Calwyn Shurgold will be the first one to tell you that Brantford has played an essential part in his development as a comedian.
Shurgold, who has been in entertainment since his teens, noted, “Brantford is such a huge part of my identity…it is my creative well, it’s where I go to be inspired [and] whether that’s physically or mentally I always pull from that.”
However, while other children grew up playing sports like hockey, Shurgold explained it was a bit different for him.
“Growing up in Branford I think was a bit of a different experience for me than most because my parents decided to put my brother and I into dance classes as opposed to hockey and other sports like everybody else,” he explained.
Shurgold continued, “I did dance from age four to 12 and it was kind of tough…we didn’t want to broadcast it [but] we’ve kind of come a long way since then, in terms of what people think of a male dancer. But back then it was tough. My family actually got hate mail from an anonymous person saying that they were raising us to be like, a certain way…I think it kind of gave me a bit of a chip on my shoulder [and] I felt like I kind of had to prove myself.”
By the age of 12, before going into high school, Shurgold decided he had enough of dancing, yet recalled some essential skills he learned during that time in dance.
“I’m so grateful for my time in dance because there are so many transferable skill sets from that discipline that I use in my life every day as an actor and performer. One of my skill sets and strengths is impersonation [and] credit to being a dancer because all you do in dance is look at yourself in the mirror, copy what other people are doing, and follow the instructions,” said Shurgold.
Shurgold started to explore other forms of entertainment eventually discovering stand-up comedy. “I got into acting as a teenager. And when I got to university, I joined a student comedy club and met some other comedians for the first time…they were stand-ups [and they] pushed me to try stand-up…I just gave it the old college try, and I really liked it and stuck with it.”
However, Shurgold always had a love for comedy. “So even when I was like a little kid, I loved doing voices and impersonations and I always had my heart set on being an actor, and still do. But the idea of being a comedian wasn’t necessarily the path even though I idolized Jim Carrey and Robin Williams and all those people. But for me, I always had an interest in acting and I loved being on stage.”
After attending university and continuing to do stand-up comedy shows across Canada, Shurgold took a leap of faith and moved to Los Angeles in 2018 for a brief time. “I really liked it there, but at the same time, LA can be a very lonely place. I was there with my partner at the time [when] her opportunity was taking off. But I was kind of tagging along. So, I was there without a work visa and it put a lot of limitations on what I could do.”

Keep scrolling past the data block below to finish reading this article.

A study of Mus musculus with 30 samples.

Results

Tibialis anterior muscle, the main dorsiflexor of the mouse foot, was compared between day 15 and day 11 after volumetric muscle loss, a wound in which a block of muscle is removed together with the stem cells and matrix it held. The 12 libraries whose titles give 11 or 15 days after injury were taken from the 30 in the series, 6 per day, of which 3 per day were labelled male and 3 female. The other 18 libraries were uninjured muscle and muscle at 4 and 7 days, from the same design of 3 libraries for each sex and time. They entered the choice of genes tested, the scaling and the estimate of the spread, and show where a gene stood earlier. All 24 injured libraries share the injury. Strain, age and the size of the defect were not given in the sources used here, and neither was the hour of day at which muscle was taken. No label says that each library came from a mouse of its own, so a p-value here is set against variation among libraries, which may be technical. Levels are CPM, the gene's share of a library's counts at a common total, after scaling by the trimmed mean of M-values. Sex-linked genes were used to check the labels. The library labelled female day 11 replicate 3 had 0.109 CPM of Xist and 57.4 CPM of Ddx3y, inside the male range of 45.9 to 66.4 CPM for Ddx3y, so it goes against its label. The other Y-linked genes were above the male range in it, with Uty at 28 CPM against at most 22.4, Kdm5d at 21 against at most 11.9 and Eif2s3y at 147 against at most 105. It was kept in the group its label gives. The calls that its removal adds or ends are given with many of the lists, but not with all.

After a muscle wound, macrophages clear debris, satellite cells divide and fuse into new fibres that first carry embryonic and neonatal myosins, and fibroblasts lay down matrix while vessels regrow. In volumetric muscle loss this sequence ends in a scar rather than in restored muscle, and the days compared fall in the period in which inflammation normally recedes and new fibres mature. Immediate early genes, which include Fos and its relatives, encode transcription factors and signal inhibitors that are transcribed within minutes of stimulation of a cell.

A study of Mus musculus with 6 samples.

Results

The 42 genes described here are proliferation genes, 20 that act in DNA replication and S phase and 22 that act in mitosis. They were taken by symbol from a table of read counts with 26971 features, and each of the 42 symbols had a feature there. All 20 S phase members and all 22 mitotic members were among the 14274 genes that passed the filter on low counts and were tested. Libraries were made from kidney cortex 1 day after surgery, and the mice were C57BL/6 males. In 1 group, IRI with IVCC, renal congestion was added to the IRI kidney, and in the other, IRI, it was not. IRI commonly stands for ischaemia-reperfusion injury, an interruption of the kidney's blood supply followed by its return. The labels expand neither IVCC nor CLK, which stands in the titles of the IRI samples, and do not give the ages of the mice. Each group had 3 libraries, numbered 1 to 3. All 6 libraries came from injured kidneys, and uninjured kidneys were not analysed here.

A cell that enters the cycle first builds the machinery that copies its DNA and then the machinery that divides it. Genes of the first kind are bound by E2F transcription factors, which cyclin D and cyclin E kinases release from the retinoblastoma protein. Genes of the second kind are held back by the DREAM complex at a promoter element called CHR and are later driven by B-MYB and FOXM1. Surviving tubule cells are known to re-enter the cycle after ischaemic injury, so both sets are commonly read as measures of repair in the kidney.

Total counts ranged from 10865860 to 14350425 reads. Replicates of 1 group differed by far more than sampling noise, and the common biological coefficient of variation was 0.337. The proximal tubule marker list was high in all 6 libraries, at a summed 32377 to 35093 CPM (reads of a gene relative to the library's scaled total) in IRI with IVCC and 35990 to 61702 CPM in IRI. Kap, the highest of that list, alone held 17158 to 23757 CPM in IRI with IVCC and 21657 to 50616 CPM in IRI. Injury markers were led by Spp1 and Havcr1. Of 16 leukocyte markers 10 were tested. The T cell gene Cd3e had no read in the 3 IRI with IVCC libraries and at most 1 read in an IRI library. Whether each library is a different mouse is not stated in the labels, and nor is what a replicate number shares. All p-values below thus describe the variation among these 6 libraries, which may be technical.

Shurgold continued. “But I was taking classes at Upright Citizens Brigade and I made a lot of friends and connections through that. I was doing as much stand-up as I could and tapped into the Canadians that were there already.” Shurgold continued. “I had the opportunity to open for Shaun Majumder at the Sanderson Centre in Brantford and I got to hang out with him at the Comedy Store in Los Angeles. It was something that I really appreciated about Canadians in the United States…the network was really strong and welcoming and made you feel like right at home because I think being Canadian there is something special.”
However, one of the key ingredients for Shurgold’s stand-up success is using his love of the past and growing up in Brantford. Shurgold explained, “I use nostalgia as kind of an entry point to create that sort of emotional investment in what I’m talking about. Because suddenly, people perk up. And they care because they’re revisiting a time in their own life and their own memories. So much of the nostalgic references that I’m making are based on my experiences, and the content that we had when we were young, and the stores and the places and I think are overlooked and not preserved or not seen as [having] historic value. But I really believe that that stuff matters. And that’s a part of our unique cultural identity. And I want to celebrate that and I want to remember it and I want to preserve it and bring people along for the ride.”
This desire to connect with the past as well as being true to his experiences has also served Shurgold well in his acting career. “When I’m auditioning, I don’t want to try to manufacture a character or falsify a connection to a part. I want to connect it to who I am and how I would be in that situation because I think that’s going to be the most authentic thing that I bring to the table…I think I really just lean into my own identity and my own experiences.”
Shurgold then referenced one of his most successful projects. “I’d say the character that I’ve had the biggest opportunity to really dive into and develop is my character Whyte Wyne on ‘Ming’s Dynasty’, which is a show that I created [with Antony Hall] for CBC GEM. And because I wrote the show with my writing partners, and was acting in it as one of the leads, I had a good opportunity to really develop that character and hone in on that. But as soon as we were in production and filming, I just put myself in my director’s hands and I just focused on the character and acting.”
Shurgold continued, “I really found something authentic there in a way that I don’t think I have had the opportunity with other parts because when you’re on set for a day or two, it’s hard to really sink your teeth into those parts, especially…compared to when you have weeks to play a character.”